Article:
I had an awful nights sleep. For starters my tail bone was so sore that I struggled to get comfortable and the drips in my arms made it awkward to position myself. I took some sedatives to help, but the dreams (or nightmares) I had were vivid and horrifying.
I can’t remember them all, but in one dream I was being attacked by a group of which one had an axe. I managed to wrestle the axe from them but they kept advancing towards me, and I had to swing the axe around to try and fend them off, cutting off limbs and body parts as I did.
I then dreamt I was being attacked by a huge snapping turtle which was ripping the flesh from my legs.
I tried to stay awake between each dream but the sedatives kept sending me back to dream land.
The last dream was a nice one. I dreamt of Ed Sheeran. He was hugging me and singing “All of the Stars” whilst we looked into a night sky. As I woke, that very song was playing on my mobile phone and I lay there for several minutes thinking of our angel who was now a brilliant sparkling star.
The midwives gradually raised the head end of my bed up a little throughout the morning, and just after lunch I was able to stand, with help and go to the bathroom and shower myself.
The first shower in three days, and I imagine this is what showers in heaven would be like. I dried and brushed out the huge matted dreadlock which had formed on the back of my head in the past few days, and put on some make up. I looked like a new woman. And as I looked at my body in the mirror, I didn’t recognise myself. My stomach had deflated yet my breasts were still engorged and heavy. I had entered this hospital pregnant, but now I was empty. Part of me had been taken away when they took Arran away
I got dressed and relaxed on my bed. This was the most normal I had felt in days, and albeit still sore in my lower back and tail bone, aside from a little light headiness, I felt quite well.
An anaesthetist came to see me (not Dr Beaux Yeux, thank goodness) and gave me the all clear to go home. I called my husband who said he and the boys would come straight away.
I tidied away all my belongings and placed my bags near the door ready to go. Then I stood and stared out of the window, and was overcome by emotion. The trauma of the last few days was coming to an end, but now a new trauma would have to be faced. The trauma of grief, of acknowledging what all this means, of accepting our baby is gone. In hospital, I was protected, safe and more importantly, close to my baby. When I left that hospital, I was ultimately leaving my baby, although I felt comforted to know he was in the place that he was born and so brilliantly cared for. In hospital it was just me, with no responsibilities. If I needed to cry, it was safe to. If I needed to ask for help, it was okay to. In hospital I was allowed to be vulnerable. Yet back home, I am a mum. I am a wife. I am a frienf. I am a teacher. I am a singer. I have to be strong for my family. I have to be upbeat and enthusiastic for my students, friends and audience. Everyone who knows me, knows me as a positive and happy soul, and I can not allow for them to see me weak or low or broken.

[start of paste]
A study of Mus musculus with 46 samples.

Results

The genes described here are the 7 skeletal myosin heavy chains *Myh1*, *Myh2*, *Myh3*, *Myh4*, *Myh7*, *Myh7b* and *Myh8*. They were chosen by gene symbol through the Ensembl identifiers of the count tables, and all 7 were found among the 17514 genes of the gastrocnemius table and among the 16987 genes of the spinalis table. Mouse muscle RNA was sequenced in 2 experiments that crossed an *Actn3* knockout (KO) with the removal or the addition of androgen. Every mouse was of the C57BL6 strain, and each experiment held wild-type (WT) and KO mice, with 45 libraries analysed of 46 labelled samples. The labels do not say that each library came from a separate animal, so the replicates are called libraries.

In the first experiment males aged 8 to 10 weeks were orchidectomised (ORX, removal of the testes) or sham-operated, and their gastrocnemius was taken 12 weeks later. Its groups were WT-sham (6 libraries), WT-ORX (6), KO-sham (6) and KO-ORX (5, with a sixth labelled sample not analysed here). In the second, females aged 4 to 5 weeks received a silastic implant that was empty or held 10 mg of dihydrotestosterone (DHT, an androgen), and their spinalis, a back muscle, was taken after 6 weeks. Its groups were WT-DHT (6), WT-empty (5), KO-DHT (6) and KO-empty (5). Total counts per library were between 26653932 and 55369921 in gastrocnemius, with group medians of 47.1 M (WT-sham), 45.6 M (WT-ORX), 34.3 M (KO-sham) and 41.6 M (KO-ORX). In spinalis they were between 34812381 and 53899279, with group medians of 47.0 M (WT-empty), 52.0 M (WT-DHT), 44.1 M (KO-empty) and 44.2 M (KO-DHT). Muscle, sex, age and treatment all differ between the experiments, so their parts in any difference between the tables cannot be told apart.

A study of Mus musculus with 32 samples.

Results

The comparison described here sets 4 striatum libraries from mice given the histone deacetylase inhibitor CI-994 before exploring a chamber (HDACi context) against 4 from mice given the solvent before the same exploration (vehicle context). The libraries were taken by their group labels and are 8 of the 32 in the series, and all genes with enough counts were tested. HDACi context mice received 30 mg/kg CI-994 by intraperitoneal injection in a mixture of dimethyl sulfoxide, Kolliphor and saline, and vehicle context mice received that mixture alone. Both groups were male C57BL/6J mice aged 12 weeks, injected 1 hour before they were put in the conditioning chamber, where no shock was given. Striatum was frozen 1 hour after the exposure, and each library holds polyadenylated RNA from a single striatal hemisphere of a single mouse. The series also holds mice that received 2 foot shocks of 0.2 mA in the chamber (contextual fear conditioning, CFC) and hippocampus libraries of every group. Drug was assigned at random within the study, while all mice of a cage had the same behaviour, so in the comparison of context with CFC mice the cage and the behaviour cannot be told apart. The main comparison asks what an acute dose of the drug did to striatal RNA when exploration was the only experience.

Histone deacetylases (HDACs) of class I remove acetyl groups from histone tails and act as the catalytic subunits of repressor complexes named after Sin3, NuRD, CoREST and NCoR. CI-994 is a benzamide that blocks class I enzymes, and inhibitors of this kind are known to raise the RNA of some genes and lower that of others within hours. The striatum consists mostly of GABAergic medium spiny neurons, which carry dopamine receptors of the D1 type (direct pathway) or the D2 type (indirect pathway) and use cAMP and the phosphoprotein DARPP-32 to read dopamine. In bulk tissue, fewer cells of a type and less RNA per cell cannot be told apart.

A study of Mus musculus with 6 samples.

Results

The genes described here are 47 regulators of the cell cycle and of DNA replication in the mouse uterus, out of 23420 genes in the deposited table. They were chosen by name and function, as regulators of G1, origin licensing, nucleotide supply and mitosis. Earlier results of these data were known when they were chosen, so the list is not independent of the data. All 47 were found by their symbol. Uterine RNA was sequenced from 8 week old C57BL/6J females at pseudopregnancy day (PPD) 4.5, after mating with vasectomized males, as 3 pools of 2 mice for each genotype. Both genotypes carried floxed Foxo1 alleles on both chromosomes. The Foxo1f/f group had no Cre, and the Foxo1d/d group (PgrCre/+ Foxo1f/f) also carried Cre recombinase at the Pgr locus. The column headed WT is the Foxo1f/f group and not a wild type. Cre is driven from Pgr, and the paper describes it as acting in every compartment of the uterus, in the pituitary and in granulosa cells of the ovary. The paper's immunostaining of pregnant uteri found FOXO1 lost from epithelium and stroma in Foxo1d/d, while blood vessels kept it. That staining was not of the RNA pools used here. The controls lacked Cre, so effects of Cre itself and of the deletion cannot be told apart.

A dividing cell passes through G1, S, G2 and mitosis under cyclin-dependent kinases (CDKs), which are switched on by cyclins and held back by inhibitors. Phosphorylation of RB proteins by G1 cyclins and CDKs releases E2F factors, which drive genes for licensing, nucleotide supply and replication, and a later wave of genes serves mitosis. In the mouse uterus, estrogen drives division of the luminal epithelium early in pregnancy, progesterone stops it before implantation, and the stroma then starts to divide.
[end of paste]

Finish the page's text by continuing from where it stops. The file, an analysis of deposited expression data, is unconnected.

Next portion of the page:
I was leaving my place of safety. Just like Arran left his place of safety when I gave birth to him. And now we both have to face the unknown, and try to be brave and strong as we do so.
Hearing the sound of the boys footsteps in the corridor outside my room was like music to my ears. And I cried as I hugged the midwives goodbye and we shared hopes of seeing each other again in the future for reasons with a happy ending.
But I refuse to see this as anything but a happy ending.
Every challenge or struggle offers chances to grow or learn more about ourselves and to become better than we were before. Every loss or heartache gives way to opportunities, if we only open our eyes and allow ourselves to see them. For instance, I see this trauma as an opportunity to raise awareness of anencephaly, to share my experiences with others who may be faced with a similar occurrence and to bring hope to those who feel they have none.
Just as Ed Sheeran and Danny Gokey’s music has done for me, in raising my spirit and helping me find strength I didn’t know I had, I perhaps will be able to do the same for others.
Creating and carrying a life inside of me was a blessing I can only be thankful for. And although my baby doesn’t physically cradle in my arms, nor will ever physically waddle beside me or hold my hand when I’m grey and old, they will always be with me. The love for them will always burn fiercely inside of me like it does with all of my children. And there is no greater gift than love.
And I will still cry or feel sad at times, because I am human, and I have lost something so special to me. But I will feel comforted by everything these past two weeks have shown me about people, love, compassion and belief. And more so what it has shown me about myself.
I have decided that as my Arran can not live in the physical with me, I will live for him. I will honour each year he would have lived by doing something new or courageous. I will see the world as though I have just opened my eyed for the first time. I will run on the grass bare foot. I will dance in the rain and jump in puddles. I will try new foods. I will take time to play – and I mean, really play. I will not care what anyone thinks of me and do what makes me happy. Just as my Arran would have done. And in doing so, I am keeping my Arran alive, within and through me.